Australia’s ties with China look set to strengthen even more, with Australia-China research collaborations to receive an addition $18 million under a new government-funded initiative.
The Australia-China Science and Research Fund will operate for three financial years, from 2011-12 to 2013-14.
The Australian Government is committing $9 million to the fund from 2011-12, matched by the Chinese Government.
This is in addition to recent reforms to assist Australian researchers to collaborate with international partners generally.
According to Innovation Minister Kim Carr, the fund is focused on achieving enduring partnerships between the two countries, and critical mass in areas of “mutual research priority”.
“Both Australia and China are keen to see partnerships develop between research and industry, to accelerate the development of technologies,” Senator Carr said in a statement.
“We have crafted this program to include scope for industry participation to benefit from our strong existing science and research relationship with China.”
“This is already an area of intense growth, with the rate of joint research publications increasing faster than total national output for either country.”
The fund will support Australia-China joint research centres and “group missions” whereby Australian groups visit China, and vice versa, to achieve specific purposes related to R&D-driven innovation.
The Australian Government will provide up to $1 million for each joint research centre, matched by the Chinese Government.
Meanwhile, it will contribute a maximum of $45,000 funding for each group mission, which must have at least two personnel from one or more organisations.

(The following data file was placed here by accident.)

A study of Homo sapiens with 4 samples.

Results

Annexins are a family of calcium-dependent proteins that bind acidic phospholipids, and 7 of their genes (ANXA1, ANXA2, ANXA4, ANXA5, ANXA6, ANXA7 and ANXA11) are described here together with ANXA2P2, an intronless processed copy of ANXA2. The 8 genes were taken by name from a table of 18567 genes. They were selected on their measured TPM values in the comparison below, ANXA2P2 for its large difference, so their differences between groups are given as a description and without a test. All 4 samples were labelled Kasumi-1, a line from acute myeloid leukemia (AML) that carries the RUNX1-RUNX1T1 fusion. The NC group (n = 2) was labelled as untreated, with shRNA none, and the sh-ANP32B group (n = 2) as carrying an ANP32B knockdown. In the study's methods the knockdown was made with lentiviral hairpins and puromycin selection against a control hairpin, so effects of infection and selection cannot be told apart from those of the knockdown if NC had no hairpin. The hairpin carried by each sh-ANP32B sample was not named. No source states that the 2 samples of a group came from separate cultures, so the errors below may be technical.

Applications for funding from joint research centres close on February 27, 2012, while group mission applications will be assessed as they are received.
The fund will also support an annual exchange program for young researchers, and an annual symposium between Australian and Chinese science and engineering academies.
While Australia’s economic interests lie heavily with China, its military interests continue to be dictated by the United States, as seen this week by US President Barack Obama’s visit.
China has reproached Canberra over strengthened US ties, warning it may be “caught in the crossfire” if the US uses new Australian-based military forces to threaten its interests.
According to an editorial in the state-owned People’s Daily, a new Australian-US defence pact poses a security threat to Australia.
“Australia surely cannot play China for a fool. It is impossible for China to remain detached, no matter what Australia does to undermine its security,” it said.
“If Australia uses its military bases to help the US harm Chinese interests, then Australia itself will be caught in the crossfire.”
The editorial admonished Australia for relying on China for its economic interests while turning to the US for political and security purposes.
“Gillard may be ignoring something – their economic co-operation with China does not pose any threat to the US, whereas the Australia-US military alliance serves to counter China,” it said.